Michael Lindsay
D. Michael Lindsay. (Photo Credit: Mark Spooner/Gordon College)

Taylor University Announces D. Michael Lindsay as New President

By Emily Miller

Taylor University has announced D. Michael Lindsay, outgoing president of Gordon College, will become the next president of the Christian liberal arts school in Upland, Indiana.

“Taylor is one of the world’s foremost Christian institutions, and I thank God for the wisdom, strength and faithfulness that has characterized the School’s leadership for decades,” Lindsay said in a written statement released today.

“We are humbled to be called by God and honored by the Board’s selection to serve the University, advance its distinctive mission in providing excellent, Christ-centered higher education, and strengthen its promising prospects for future growth and development.” 

The previous president, Paul Lowell Haines, resigned from Taylor in August 2019, not long after the nondenominational university hosted then-Vice President Mike Pence as commencement speaker. The decision had sparked controversy on campus, including competing petitions opposing and supporting the vice president’s visit and a vote by faculty to express dissent.

Haines did not give a reason for his resignation, and Taylor’s board of trustees said at the time his departure was neither solicited nor encouraged by the board.


Taylor University campus on April 16, 2019, in Upland, Indiana. RNS photo by Emily McFarlan Miller

Manuel Rosado, vice chair of the board and co-chair of its presidential search committee, said in Tuesday’s statement the committee had surveyed the Taylor community before beginning its search for a new president. It was looking for a president who could “articulate a compelling vision for Taylor consistent with its mission,” Rosado said.

And board Chair Chris Goeglein, who co-chaired the committee with Rosado, praised Lindsay’s “innovation and creative adaptation.”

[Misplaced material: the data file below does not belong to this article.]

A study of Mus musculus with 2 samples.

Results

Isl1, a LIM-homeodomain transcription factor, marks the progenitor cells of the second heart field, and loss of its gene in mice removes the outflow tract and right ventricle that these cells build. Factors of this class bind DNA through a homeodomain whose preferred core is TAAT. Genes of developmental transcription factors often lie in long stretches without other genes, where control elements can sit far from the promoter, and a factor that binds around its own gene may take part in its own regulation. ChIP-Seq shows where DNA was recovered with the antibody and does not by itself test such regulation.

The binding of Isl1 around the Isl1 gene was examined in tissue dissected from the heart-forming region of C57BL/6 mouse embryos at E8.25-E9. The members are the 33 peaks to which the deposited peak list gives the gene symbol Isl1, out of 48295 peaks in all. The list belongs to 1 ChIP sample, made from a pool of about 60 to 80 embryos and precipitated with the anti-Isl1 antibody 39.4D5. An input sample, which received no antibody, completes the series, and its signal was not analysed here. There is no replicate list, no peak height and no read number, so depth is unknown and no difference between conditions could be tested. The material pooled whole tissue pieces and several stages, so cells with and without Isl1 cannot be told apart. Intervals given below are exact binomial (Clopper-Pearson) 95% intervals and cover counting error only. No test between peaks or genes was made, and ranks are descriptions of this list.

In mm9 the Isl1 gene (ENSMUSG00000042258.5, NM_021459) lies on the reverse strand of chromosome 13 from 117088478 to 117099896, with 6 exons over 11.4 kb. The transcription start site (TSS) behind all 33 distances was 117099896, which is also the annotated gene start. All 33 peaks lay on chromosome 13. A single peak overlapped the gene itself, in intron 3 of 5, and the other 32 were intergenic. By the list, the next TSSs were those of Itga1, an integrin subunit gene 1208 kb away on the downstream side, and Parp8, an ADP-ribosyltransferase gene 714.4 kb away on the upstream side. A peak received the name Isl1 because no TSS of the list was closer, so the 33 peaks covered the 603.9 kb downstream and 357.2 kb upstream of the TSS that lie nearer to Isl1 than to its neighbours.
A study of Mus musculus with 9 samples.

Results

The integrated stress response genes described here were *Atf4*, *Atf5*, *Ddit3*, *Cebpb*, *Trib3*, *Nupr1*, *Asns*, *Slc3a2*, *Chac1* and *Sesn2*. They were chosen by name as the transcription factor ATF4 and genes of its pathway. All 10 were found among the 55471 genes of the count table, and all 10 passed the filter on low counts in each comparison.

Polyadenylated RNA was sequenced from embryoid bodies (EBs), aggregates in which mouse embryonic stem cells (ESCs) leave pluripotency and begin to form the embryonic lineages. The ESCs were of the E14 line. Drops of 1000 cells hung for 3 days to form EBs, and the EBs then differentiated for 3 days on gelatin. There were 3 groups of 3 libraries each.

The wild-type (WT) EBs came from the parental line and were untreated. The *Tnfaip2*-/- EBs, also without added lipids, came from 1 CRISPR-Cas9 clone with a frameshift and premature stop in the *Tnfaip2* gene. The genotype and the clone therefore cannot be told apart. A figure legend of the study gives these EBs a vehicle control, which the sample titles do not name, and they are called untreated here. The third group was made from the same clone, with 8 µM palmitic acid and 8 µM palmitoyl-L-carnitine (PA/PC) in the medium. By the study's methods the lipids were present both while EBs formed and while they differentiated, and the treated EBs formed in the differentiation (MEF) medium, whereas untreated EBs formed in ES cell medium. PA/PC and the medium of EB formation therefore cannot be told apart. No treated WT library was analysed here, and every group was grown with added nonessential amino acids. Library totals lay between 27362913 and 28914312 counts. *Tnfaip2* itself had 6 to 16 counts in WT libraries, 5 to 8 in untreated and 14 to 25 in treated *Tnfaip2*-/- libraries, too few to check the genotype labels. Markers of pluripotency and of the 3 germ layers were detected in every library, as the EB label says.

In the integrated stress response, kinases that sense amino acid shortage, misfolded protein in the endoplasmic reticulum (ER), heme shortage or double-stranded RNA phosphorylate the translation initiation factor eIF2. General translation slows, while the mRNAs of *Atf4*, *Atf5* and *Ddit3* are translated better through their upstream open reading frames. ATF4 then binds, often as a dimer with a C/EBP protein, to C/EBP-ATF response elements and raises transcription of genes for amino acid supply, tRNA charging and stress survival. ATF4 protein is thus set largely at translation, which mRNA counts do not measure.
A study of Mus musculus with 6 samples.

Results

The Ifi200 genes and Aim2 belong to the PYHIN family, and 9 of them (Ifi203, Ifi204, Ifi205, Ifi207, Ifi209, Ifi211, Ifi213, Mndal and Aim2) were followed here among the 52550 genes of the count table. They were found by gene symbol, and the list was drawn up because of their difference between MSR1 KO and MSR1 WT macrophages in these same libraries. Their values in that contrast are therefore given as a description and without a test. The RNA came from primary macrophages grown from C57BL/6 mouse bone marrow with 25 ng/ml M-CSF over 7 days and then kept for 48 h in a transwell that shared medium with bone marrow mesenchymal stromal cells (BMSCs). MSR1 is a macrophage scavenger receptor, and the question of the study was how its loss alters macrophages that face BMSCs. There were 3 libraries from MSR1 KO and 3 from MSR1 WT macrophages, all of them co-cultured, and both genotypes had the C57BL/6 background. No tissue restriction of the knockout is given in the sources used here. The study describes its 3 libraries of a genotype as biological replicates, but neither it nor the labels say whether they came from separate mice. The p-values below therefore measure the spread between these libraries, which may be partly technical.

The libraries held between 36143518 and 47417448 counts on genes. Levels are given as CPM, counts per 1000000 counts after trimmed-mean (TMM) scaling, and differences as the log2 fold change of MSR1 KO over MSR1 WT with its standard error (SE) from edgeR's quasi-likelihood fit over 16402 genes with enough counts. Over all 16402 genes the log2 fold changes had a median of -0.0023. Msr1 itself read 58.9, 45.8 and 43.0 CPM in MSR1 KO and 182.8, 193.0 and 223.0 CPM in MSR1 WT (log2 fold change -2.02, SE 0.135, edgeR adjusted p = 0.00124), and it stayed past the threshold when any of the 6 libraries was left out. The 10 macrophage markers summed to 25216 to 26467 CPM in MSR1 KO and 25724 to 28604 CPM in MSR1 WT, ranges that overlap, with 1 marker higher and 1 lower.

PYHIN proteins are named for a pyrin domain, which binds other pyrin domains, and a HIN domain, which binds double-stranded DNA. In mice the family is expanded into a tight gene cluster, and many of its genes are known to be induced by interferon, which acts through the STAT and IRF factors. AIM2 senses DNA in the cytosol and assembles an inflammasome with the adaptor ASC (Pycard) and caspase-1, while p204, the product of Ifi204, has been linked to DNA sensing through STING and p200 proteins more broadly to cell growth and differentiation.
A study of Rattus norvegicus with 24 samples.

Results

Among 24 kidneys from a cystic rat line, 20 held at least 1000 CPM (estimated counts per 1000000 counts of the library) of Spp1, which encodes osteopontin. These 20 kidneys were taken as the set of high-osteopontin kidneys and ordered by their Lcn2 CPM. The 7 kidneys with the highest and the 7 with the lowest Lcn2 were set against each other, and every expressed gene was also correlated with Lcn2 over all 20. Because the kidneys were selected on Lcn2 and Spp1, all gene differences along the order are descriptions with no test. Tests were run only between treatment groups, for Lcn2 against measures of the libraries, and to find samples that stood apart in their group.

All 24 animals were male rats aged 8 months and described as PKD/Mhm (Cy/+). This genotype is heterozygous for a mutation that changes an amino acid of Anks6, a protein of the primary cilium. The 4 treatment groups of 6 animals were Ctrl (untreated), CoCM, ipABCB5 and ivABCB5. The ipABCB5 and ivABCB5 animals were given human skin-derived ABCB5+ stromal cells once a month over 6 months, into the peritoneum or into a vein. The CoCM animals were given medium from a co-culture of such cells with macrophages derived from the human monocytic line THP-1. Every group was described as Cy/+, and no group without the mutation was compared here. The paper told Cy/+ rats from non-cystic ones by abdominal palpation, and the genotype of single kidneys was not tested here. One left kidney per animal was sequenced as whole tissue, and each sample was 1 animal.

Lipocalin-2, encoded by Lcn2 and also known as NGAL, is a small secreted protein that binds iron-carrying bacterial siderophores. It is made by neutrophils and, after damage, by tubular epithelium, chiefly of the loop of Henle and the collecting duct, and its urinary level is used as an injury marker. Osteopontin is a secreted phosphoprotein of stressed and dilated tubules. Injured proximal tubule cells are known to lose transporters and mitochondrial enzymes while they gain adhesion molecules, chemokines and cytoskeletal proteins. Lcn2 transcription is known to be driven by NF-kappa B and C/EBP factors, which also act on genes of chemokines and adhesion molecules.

“A respected Christian leader, Dr. Lindsay has a broad understanding of the complexities facing Christian higher education. His spiritual and intellectual development in cultivating and discipling the next generation of servant leaders is truly a calling,” Goeglein said.

Lindsay previously announced his plans to step down at Gordon College in Massachusetts in June, according to the statement.

Before his current position, he was a member of the sociology faculty at Rice University. His book “Faith in the Halls of Power” was nominated for the nonfiction Pulitzer Prize in 2007.

He earned his doctorate in sociology from Princeton University and graduate theological degrees from Wycliffe Hall at Oxford University and Princeton Theological Seminary.

Previous Taylor board Chair Paige Comstock Cunningham has served as interim president of the university since Haines’ departure.

Emily McFarlan Miller is a national reporter for Religion News Service




  1. “Taylor is one of the world’s foremost Christian institutions …”

    Really? The first time I heard of it was Monday, when Wartburg Watch reported that a professor had been fired due to child porn possession, with comments that he was a terrible professor to start with.

  2. With all due respect Cynthia, if the only time you’ve heard of Taylor University was when you read the “Wartburg Watch”, then you are not that familiar with Christian higher ed. Taylor had a terrible professor in its ranks, yes. But the fact that you would sum Taylor’s reputation on that incident speaks more to your ability to slander the Taylor community than it does to the good work Taylor has done for, like, 165 years.

    1. My point was that if it is one of “the world’s foremost Christ institutions,” a general reader might have been aware of its existence.

      1. Cynthia, your point is well taken, largely because “Christian institutions’ in this context is a subset: “evangelical protestant’ educations, and explicitly does not include Catholic institutions, thus omitting Notre Dame, Georgetown, Boston College, Villanova, Mount Saint Mary’s, and the like. That said, the best of the CCCU schools are academically honest and rigorous – without the party atmosphere.

  3. I’m worried that Taylor might be slipping. The firing of a popular conservative teacher because of something he wrote was horrible. Now we have a sociology major as the next President of Taylor. I was a sociology major at Wheaton College over 50 years ago, and back then the profs were complaining about systemic racism. What can we expect from this sociology major? I’m worried.

    1. I think this disparagement is unwarranted. BA in English Phi Beta Kappa, M Div from Princeton with additional theological study at Oxford, PhD in Sociology – not a ‘major’ – from Princeton. He is demonstrably a scholar and metier is leadership and he has authored several published essays and a book on the subject

    2. I visited Taylor with my daughter a couple of years ago. The student giving us the campus tour, when we got to a certain point, explained that it was customary for the tour guides to stop and pray for the visitors, unless we chose not to, and I liked that. However, as a friend of mine later pointed out, Taylor has no higher authority than its board of trustees, not being tied to any denomination, which might counteract the effects of academic vicissitudes.